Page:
Muscular Pine Hills golfer Maurice Allen, who on his best day can drive a ball longer than almost anyone in the world, should have one of his better days Tuesday.
He will be honored by Orange County commissioners with a resolution declaring Tuesday as “Maurice D. Allen Day” in Orange County.
The recognition celebrates Allen’s big personality and prodigious driving prowess, which he demonstrated again in September, winning the Volvik World Long Drive Championship with a punishing blast that flew 393 yards — nearly the length of four football fields.
According to its meeting agenda, Orange County commissioners also will celebrate the 30th-anniversary season of the Orlando Magic.
Allen, 36, is a graduate of Orlando’s Evans High School, where he was an honor roll student and a sprinter — not a golfer. He is a self-made champion both on and off the tee box, said Thomas “TJ” Dorsey, 75, an Orlando dentist and golf mentor who has taught the game to Allen and hundreds of other kids through the Orlando Minority Youth Golf Association.
“I honestly think he taught himself how to hit it like that,” Dorsey said. “He works out, has a great work ethic. He’s strengthened his body and…improved golf principles.”
Allen’s father Jessie, interim director of the Orange County Convention Center, introduced him to golf as a preschooler but takes no credit for his son’s feats.
“Even as a little tyke, you could tell he had a talent for hitting it long,” he said.
Maurice Allen is the second-ranked competitor on the grip-it-and-rip-it long-drive tour, which describes itself as an “adrenaline-drenched” international golf spectacle, often shown on the Orlando-based Golf Channel. Champions take home $125,000, a championship belt and bragging rights.
He’s won competitions on five continents, earned a place in the Florida A&M University Hall of Fame and is featured this month in Golf Digest. He was recognized in 2012 as a Guinness World Record holder for launch speed of a golf ball, 211 mph.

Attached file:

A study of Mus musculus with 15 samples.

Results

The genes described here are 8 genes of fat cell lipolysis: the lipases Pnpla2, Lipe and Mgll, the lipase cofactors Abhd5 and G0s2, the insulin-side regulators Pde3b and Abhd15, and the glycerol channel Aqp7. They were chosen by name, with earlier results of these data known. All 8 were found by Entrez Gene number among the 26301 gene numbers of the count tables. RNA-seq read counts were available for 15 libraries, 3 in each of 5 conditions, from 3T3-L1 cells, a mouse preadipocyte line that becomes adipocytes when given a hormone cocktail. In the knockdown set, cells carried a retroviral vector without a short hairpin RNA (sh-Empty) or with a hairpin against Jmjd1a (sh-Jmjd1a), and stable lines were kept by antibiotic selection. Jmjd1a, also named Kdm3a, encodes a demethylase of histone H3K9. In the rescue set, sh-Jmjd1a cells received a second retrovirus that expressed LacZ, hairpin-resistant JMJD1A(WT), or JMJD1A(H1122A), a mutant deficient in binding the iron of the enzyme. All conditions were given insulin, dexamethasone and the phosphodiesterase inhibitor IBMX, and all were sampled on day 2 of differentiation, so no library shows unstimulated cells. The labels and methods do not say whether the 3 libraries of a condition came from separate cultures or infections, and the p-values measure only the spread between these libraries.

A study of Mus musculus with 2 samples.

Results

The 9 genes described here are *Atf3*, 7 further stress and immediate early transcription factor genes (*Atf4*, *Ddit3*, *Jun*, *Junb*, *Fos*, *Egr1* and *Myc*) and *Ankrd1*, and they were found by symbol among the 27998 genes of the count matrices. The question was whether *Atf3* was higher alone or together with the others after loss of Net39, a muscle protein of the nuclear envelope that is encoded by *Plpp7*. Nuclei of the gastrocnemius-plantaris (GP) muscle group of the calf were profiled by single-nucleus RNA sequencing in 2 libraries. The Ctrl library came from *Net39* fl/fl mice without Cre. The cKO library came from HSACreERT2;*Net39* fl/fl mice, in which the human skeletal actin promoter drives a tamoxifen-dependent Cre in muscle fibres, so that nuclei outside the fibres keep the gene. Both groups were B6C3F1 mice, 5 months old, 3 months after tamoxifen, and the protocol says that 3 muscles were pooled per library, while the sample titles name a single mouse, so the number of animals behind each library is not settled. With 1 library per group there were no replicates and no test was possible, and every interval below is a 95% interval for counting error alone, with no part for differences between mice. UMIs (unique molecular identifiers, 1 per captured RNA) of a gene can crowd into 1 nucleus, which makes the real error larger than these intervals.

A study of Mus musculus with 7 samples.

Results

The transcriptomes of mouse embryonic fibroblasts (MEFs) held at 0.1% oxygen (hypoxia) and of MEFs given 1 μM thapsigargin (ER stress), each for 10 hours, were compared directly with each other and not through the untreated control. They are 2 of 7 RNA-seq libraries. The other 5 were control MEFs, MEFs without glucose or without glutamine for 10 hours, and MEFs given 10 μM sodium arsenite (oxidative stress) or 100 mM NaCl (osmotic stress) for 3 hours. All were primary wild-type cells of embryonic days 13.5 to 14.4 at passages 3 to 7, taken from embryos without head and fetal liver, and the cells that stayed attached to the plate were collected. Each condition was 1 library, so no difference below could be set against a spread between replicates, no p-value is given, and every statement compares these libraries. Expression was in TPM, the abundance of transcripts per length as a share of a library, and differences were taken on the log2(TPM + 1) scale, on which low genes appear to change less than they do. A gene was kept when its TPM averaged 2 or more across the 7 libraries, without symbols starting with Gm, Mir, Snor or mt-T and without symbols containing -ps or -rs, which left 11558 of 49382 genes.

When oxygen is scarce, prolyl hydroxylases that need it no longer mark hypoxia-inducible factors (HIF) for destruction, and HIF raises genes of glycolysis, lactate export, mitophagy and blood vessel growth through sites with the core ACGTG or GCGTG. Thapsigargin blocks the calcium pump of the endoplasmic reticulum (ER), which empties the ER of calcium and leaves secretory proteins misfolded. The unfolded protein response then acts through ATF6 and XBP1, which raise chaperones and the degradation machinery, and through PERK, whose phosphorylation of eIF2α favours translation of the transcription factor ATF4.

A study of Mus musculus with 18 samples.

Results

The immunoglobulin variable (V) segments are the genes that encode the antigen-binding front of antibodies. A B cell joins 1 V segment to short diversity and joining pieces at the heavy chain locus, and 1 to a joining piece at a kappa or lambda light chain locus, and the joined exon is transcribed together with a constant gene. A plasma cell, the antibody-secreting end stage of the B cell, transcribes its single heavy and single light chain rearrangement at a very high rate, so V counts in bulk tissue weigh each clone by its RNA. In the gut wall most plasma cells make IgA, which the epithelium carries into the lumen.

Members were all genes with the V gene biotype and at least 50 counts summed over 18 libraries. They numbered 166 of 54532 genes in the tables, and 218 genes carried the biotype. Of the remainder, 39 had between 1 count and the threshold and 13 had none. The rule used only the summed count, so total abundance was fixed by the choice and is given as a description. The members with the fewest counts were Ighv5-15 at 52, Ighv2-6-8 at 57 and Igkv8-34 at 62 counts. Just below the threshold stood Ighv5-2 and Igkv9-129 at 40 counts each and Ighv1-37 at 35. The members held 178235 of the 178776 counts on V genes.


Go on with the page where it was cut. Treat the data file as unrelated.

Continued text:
“I was just a guy from Pine Hills who wanted to hit the ball far and have a good time,” he said Monday after a charity golf event. “This whole journey has been a lot more than I ever imagined.”
Commissioner Victoria Siplin nominated Allen for the special recognition, pointing out he also earned a biology degree from FAMU, the state’s largest historically black college.
She said he represents achievement through hard work.
“We hear so many negative things about Pine Hills,” said Siplin, whose commission district includes most of the unincorporated community. “But there are good things happening here — like Maurice.”
Powerfully built at 5-foot-8 and about 230 pounds, Allen launched himself up the tour’s leader board while becoming a fan favorite for his loud clothes and victory celebrations.
He wowed spectators, fellow competitors and a Golf Channel TV audience after his most recent championship by busting out an imitation of flamboyant pro wrestler Ric Flair.
Asked if he aspired to take his big swing and personality on the PGA tour, Allen said, “I’m not that good.”
His training regimen nonetheless includes hours of work daily on the golf’s finer points, chipping and putting.
He’s earning invitations to pro-am golf tournaments with celebrities and wants to be sharp to show the long-ball tour is “not just a bunch of guys trying to knock the crap out of the ball.”
Pro golf is more than booming drives as a familiar golf saying is “Drive for show, putt for dough.”
But the PGA tracks drive distances.
In 1997, John Daly became the first golfer to average more than 300 yards per drive.
In 2018, the entire PGA Tour averaged 295.3 yards off the tee — the longest average ever.
Though he can consistently out-drive some the world’s best golfers by 50 yards or more, the pros are more precise hitters, Allen said.
“They know where their ball’s going,” he joked.